Last week, the Arizona Republic reported that the Grand Canyon State, faced with a 30 percent budget deficit, is looking to raise $735 million by selling its state properties, including the House and Senate buildings, to private investors. The state would then lease space in the buildings from the investors until it has enough money to buy the properties back again.

The newspaper’s reporters, Matthew Benson and JJ Hensley, call the move “a sign of desperate times.”

They’re right. Arizona’s tactic is a fancy iteration of an age-old fiscal sin: borrowing long-term to pay for operating costs. What Arizona is doing differs little from raising long-term bonds and then having to pay the debt back month by month.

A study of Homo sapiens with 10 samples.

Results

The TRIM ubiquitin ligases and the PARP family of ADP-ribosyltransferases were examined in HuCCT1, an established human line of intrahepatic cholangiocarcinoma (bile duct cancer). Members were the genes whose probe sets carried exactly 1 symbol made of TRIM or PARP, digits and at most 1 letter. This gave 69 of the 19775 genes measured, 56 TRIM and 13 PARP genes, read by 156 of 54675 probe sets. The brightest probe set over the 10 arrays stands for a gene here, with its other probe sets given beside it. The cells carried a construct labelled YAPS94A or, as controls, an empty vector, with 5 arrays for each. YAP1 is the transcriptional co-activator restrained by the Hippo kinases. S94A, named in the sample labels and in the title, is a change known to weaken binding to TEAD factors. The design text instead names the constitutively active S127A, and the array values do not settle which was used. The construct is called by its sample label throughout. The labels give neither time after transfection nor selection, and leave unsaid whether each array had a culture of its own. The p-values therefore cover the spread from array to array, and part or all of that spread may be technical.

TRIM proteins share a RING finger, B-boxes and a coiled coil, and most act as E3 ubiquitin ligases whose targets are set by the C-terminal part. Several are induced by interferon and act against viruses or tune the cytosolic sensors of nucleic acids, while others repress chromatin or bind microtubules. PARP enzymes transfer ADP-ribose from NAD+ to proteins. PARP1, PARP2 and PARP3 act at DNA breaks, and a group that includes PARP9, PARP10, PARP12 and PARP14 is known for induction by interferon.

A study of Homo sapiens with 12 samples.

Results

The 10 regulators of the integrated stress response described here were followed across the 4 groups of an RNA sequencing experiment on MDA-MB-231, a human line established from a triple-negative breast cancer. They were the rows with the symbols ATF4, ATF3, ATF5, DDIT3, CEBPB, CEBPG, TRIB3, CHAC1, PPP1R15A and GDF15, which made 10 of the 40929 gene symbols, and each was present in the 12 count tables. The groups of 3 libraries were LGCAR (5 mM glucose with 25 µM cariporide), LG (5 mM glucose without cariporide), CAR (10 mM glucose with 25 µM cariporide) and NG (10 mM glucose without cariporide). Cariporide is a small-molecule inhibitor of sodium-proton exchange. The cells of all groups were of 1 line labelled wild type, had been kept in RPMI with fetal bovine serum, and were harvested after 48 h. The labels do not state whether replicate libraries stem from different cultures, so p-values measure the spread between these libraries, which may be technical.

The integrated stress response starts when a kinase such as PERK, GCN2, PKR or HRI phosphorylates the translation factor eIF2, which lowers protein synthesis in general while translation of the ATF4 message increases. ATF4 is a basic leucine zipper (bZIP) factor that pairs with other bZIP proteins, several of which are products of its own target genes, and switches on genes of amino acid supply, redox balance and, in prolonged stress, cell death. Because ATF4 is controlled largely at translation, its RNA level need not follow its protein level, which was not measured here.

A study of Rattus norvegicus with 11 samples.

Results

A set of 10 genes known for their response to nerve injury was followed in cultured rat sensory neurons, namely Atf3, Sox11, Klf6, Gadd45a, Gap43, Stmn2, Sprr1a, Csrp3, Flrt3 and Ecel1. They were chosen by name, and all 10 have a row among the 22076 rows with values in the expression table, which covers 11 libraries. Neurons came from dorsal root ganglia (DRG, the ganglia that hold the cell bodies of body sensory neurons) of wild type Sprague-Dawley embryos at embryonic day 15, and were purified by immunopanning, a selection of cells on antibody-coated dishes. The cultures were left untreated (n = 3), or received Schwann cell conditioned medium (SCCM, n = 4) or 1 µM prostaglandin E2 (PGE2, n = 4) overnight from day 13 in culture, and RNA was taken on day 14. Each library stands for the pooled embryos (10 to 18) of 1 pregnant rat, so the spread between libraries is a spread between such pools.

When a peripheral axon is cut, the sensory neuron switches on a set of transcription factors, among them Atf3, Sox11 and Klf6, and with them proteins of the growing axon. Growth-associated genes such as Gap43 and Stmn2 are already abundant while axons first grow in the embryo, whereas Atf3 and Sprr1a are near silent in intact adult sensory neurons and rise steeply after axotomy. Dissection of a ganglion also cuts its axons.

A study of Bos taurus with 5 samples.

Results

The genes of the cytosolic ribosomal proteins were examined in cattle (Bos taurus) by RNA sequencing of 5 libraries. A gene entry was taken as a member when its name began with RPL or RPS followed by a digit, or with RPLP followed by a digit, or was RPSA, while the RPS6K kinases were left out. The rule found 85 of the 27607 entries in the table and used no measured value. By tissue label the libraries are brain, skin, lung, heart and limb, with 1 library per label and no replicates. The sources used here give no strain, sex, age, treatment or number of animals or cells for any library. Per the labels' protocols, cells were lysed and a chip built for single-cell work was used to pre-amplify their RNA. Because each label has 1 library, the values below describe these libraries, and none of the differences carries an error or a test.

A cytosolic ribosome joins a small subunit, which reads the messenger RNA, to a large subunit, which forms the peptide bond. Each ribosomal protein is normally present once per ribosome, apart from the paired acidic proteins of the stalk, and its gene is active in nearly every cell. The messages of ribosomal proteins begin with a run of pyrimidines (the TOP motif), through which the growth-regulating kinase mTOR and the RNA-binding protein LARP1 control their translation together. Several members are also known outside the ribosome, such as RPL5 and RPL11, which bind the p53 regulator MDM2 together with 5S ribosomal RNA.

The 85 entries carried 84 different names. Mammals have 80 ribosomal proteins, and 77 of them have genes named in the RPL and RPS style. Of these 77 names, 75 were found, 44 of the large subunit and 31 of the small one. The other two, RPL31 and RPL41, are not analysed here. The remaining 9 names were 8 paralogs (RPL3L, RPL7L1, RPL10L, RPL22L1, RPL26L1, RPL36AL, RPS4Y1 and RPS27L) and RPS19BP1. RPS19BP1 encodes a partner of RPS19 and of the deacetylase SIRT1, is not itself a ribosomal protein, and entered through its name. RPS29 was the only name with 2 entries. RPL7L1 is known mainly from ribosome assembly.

For that matter, the state’s plan resembles individuals’ resorting to pawnshops when they run into financial trouble — selling off their jewelery, guns, and the like, and then promising themselves that they’ll buy it back when times are better.

The one-shot infusion of cash will only obscure the real problem: in the past eight years, Arizona’s spending has outpaced population and inflation by 41 percentage points. Arizona was floating within a massive real-estate bubble, now burst. 

Tax revenues derived directly or indirectly from the bubble won’t be returning anytime soon — so Arizona must either raise taxes (something the public doesn’t want) or cut spending, not delay its decision and make its long-term condition worse by adding a new debt-like burden.

It would be a different story if Arizona was permanently consolidating its office space and selling the surplus off for good — but this is not that.